Russian ties China's foreign policy priority: Xi
Party chief seeks greater political support, coordination with neighbor
China said on Tuesday that ties with Russia are a priority for its foreign policy.
Xi Jinping, China's top political leader and head of the military, stressed this when meeting visiting Russian Security Council Secretary Nikolai Patrushev, who is in Beijing for a new round of security talks.
Analysts said that in tackling uncertainties in the Asia-Pacific region, security will be a common task for the two countries.
The consultation at the start of a new year is very timely and necessary, Xi told Patrushev, who is Xi's first foreign guest of 2013.
Xi said that faced with rapid and profound changes in the world, China and Russia should further enhance their political support and coordination on global and regional affairs.
Patrushev said Moscow will further strengthen high-level exchanges and maintain close coordination on major issues with China in 2013.
The delegation led by Patrushev is the second group of Russian visitors Xi has met since he was elected China's Party chief in November.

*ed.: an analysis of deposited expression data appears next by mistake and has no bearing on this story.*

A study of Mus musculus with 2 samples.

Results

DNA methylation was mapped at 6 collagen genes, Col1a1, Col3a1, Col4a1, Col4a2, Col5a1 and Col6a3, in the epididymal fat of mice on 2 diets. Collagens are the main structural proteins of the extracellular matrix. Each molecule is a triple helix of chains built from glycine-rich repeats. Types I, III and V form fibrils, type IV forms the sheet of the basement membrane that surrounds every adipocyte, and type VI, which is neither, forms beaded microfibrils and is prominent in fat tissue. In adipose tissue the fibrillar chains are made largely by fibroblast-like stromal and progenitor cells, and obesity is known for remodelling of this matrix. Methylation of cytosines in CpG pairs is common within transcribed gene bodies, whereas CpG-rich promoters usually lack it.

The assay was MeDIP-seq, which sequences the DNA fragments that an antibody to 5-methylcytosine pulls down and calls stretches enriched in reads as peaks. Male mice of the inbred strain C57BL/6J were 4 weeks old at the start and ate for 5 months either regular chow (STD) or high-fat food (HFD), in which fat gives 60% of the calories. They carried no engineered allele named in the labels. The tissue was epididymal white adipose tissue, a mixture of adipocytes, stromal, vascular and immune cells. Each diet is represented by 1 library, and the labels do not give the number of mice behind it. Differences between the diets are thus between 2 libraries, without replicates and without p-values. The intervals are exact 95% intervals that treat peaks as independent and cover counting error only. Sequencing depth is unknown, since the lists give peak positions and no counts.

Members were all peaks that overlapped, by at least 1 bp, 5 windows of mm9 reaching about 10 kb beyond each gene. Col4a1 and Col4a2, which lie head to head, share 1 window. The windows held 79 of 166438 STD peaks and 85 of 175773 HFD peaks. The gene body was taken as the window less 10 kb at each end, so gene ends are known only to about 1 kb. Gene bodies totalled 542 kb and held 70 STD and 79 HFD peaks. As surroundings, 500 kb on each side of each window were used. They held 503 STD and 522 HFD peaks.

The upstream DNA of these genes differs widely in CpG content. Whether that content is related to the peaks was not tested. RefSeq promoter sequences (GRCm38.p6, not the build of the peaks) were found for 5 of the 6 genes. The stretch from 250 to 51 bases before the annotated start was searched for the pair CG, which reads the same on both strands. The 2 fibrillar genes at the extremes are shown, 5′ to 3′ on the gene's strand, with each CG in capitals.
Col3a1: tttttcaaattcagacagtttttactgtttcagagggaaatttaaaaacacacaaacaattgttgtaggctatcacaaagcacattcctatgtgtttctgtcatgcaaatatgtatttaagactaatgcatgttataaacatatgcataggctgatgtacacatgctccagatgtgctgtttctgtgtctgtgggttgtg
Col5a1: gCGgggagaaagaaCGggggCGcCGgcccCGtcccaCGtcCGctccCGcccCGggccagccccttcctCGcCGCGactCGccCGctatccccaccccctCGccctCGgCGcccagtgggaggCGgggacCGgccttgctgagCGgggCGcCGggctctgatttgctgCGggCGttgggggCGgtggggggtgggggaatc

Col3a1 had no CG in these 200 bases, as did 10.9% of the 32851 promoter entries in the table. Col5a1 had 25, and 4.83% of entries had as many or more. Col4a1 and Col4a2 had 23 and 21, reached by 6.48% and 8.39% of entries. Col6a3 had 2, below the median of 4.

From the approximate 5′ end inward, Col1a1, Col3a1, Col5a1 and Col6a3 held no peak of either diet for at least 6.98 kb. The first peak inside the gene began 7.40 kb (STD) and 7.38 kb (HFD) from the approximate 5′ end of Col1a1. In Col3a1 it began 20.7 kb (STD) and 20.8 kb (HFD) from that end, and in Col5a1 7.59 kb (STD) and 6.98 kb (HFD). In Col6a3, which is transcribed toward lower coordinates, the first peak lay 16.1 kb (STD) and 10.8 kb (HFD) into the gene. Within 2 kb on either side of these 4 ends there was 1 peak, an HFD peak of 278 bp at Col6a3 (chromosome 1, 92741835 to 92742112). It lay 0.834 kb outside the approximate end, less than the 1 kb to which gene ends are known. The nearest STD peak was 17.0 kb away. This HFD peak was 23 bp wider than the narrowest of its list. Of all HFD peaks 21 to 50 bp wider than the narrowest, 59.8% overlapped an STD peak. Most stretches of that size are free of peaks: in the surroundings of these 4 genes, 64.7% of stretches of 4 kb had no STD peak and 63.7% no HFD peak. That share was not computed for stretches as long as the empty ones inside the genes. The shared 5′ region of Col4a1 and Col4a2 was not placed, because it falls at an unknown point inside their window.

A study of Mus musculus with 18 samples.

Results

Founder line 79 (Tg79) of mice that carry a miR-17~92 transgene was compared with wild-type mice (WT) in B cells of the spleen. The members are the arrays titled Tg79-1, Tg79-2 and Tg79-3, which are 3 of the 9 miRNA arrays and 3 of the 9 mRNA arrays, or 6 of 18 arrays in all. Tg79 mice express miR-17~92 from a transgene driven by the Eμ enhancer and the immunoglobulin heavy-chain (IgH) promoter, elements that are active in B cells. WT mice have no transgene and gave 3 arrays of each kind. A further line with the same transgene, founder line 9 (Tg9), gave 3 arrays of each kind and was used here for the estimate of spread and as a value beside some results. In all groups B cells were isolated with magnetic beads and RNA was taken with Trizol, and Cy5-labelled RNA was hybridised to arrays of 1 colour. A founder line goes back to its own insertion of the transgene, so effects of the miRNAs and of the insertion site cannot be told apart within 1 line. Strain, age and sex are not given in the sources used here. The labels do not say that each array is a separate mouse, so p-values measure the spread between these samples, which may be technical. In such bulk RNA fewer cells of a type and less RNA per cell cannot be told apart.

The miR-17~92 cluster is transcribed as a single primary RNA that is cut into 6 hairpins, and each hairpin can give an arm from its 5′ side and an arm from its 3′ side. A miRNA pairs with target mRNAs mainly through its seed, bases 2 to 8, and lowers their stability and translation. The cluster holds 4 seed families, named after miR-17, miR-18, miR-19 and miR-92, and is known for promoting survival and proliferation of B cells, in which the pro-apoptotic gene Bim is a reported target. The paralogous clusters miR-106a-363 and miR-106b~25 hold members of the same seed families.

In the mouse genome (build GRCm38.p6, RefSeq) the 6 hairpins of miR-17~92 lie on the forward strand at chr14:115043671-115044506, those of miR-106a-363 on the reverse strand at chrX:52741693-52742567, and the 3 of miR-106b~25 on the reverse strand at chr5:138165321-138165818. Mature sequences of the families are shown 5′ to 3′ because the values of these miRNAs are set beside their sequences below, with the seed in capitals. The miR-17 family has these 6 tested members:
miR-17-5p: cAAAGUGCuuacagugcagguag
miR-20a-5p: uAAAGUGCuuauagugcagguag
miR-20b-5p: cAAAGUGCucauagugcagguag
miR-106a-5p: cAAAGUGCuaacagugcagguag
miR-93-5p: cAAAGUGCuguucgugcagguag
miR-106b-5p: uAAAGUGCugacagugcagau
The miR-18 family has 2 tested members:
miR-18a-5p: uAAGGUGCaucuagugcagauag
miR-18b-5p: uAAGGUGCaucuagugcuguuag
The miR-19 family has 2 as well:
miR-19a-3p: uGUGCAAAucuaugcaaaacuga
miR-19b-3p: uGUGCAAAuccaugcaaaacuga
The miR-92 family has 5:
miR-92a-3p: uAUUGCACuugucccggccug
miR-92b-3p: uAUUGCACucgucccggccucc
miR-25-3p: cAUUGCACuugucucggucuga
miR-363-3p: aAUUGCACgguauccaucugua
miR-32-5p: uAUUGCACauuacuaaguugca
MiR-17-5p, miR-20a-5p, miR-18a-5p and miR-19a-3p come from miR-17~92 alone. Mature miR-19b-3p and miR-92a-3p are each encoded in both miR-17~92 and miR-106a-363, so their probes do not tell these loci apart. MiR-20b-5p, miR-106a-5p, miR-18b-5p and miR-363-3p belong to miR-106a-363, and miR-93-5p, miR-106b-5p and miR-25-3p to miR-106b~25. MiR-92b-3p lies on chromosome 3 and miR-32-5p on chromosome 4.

Sino-Russian relations are at their highest ever level, Russian President Vladimir Putin said at the end of 2012.
Patrushev and Chinese State Councilor Dai Bingguo will co-chair the eighth round of the China-Russia strategic security consultation.
Analysts said the mechanism has served as an important channel for the two countries to have timely communication and coordination on major strategic issues, and is an important platform to deepen mutual trust.
Xing Guangcheng, an expert on Russian studies at the Chinese Academy of Social Sciences, said China and Russia are moving forward along a route of a high degree of mutual trust and close cooperation.
Various mechanisms between the two nations have played an important role in promoting cooperation based on broad common interests and concerns, especially against the backdrop of a complicated international situation, Xing said.
It is important that they cooperate more to promote justice and equality in international issues, Xing added.
Feng Yujun, director of the Institute of Russian Studies at the China Institutes of Contemporary International Relations, said tackling uncertainties in the security situation in the Asia-Pacific region will be a common task for the two countries.
However, Feng said that unlike speculation by some Western politicians, China and Russia will never form an alliance, but will fully develop their "comprehensive strategic partnership" to protect their own security and development as well as safeguarding regional stability and world peace.
Feng also said China and Russia treat each other as important for their own development, which clearly indicates the direction for their future pragmatic cooperation, especially in the trade and high-tech sectors.